February 24, 2024


Image credit: Press Information Bureau

The Minister of State of Electronics and Information Technology, Rajeev Chandrasekhar, recently held the Digital India Dialogues outlining the principles of the Digital India Act (DIA). This forthcoming legislation is designed to replace the current IT Act and establish a robust legal structure that safeguards the rights of digital nagriks (citizens). The first draft of the Act will be released in early June.

According to Chandrasekhar, with India soon expected to have 1.3 billion people accessing the internet, it is crucial for digital citizens to approach the online realm without fear or mistrust, particularly as numerous government services transition to digital platforms. The Act has placed significant emphasis on the principles of safety and trust, which have “a huge section in the DIA”. The Minister also expressed concerns regarding the weaponisation of misinformation and disinformation, particularly with the added challenge of AI-driven deep fakes and stressed the need to address these issues effectively.

During discussions with stakeholders, the Minister addressed various concerns and provided clarifications on several issues. Regarding intersecting regulation by sectoral regulators, the DIA will enable sectoral regulators like the Reserve Bank of India (RBI), the Securities and Exchange Board of India (SEBI), and other ministries to establish additional safeguards. The aim is to harmonise different laws, and the input of sectoral regulators will be sought in this process.

In terms of regulating emerging technologies, the focus will be on assessing potential user harm caused by AI. The objective is to ensure that emerging technologies do not pose any harm to digital citizens. For blockchain and Web 3.0, the industry will be encouraged to propose guardrails. The intention is not to impose bans on innovations unless they are linked to user harm. The goal is to lead in the fields of Web 3.0 and AI while defining appropriate guardrails. The Minister expressed a preference to avoid creating additional compliance layers through excessive regulation.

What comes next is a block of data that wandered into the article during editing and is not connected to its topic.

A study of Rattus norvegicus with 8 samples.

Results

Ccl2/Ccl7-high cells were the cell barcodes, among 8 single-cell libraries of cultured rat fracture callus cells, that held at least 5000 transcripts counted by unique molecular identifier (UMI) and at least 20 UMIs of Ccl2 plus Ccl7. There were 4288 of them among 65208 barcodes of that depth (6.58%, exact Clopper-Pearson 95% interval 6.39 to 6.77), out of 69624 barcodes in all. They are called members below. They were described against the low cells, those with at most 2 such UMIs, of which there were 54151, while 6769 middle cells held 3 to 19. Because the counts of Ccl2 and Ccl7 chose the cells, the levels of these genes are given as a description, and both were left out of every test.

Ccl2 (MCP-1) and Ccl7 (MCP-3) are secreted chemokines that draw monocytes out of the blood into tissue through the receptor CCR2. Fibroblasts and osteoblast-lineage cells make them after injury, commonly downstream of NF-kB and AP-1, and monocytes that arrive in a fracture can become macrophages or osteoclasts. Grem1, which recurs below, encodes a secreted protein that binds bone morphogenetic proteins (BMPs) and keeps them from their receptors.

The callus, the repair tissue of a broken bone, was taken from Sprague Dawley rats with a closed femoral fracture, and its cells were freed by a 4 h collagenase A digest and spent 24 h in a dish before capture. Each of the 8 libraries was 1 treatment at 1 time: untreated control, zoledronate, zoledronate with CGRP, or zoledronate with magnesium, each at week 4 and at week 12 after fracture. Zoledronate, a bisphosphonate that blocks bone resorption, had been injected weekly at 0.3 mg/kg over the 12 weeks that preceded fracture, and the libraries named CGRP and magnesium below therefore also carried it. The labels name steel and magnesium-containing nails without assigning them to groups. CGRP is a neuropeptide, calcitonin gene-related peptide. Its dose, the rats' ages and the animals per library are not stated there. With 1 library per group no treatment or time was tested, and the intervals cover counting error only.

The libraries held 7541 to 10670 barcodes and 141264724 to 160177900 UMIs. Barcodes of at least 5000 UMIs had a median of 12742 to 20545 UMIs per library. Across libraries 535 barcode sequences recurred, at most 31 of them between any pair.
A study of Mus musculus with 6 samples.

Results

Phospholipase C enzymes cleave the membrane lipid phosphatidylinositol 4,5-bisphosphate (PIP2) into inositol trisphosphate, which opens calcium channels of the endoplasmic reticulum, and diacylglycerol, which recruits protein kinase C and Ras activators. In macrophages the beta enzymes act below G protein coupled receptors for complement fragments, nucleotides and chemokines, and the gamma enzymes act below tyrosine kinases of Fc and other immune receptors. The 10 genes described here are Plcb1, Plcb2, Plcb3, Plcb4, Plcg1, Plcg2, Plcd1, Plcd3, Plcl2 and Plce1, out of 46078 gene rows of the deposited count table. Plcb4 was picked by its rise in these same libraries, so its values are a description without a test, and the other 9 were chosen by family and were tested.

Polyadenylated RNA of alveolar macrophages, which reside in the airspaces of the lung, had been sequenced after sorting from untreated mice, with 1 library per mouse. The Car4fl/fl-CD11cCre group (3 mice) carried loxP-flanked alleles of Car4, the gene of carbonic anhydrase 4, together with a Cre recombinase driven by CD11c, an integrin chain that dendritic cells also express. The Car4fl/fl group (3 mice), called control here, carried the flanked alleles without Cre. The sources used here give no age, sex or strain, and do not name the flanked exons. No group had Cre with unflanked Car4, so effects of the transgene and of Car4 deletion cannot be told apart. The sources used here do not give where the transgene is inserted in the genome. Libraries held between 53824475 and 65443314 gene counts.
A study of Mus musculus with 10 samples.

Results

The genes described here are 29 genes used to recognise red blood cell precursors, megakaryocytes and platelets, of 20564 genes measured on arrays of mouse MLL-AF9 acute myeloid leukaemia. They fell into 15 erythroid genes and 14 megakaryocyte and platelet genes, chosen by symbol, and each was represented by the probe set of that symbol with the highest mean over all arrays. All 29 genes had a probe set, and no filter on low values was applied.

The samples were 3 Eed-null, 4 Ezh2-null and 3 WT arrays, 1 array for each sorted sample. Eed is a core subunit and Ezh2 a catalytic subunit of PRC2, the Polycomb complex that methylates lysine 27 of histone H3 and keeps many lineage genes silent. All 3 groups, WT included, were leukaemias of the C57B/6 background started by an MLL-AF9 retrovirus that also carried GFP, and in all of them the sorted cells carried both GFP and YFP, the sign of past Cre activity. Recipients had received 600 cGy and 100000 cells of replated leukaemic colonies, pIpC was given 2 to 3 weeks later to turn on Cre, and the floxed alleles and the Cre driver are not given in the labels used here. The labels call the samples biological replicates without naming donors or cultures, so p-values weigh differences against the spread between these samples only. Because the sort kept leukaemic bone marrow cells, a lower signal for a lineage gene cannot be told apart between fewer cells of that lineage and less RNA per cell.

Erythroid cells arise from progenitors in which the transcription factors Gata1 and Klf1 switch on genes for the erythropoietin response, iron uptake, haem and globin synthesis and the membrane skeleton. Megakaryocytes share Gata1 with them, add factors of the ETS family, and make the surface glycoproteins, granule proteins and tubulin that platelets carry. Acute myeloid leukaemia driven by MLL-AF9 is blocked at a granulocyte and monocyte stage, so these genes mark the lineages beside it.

Regarding compliance for startups, the Minister explained that in all recent laws, such as the CERT-In directions released in April 2022 or the upcoming Digital Personal Data Protection Bill, 2023, startups have either been provided exemptions or an extended period for compliance.

The proposed law will be an important pillar of the Global Standard Cyber law framework that the government is formulating to catalyse India’s digital economy goals. The Digital Personal Data Protection Bill, National Data Governance Framework policy, the recent amendments to the IT Rules, CERT-In guidelines will form the other elements of this framework.

The Digital India Dialogue session witnessed the participation of a wide array of stakeholders from the technology ecosystem, including industry associations, startups, IT professionals, think tanks, and legal experts. The session brought together approximately 300 stakeholders, with 125 individuals attending in person and 175 participating virtually. A similar dialogue was held in Bengaluru in March this year. These consultations are in line with Prime Minister Narendra Modi’s consultative approach to law and policy-making. This is the first time that the government held consultations on the principles of the Bill.

Digital India is an ambitious initiative launched by the government with the vision of transforming the country into a digitally empowered society and knowledge economy. It aims to leverage the power of technology to bridge the digital divide, empower citizens, and enhance the efficiency and transparency of government services.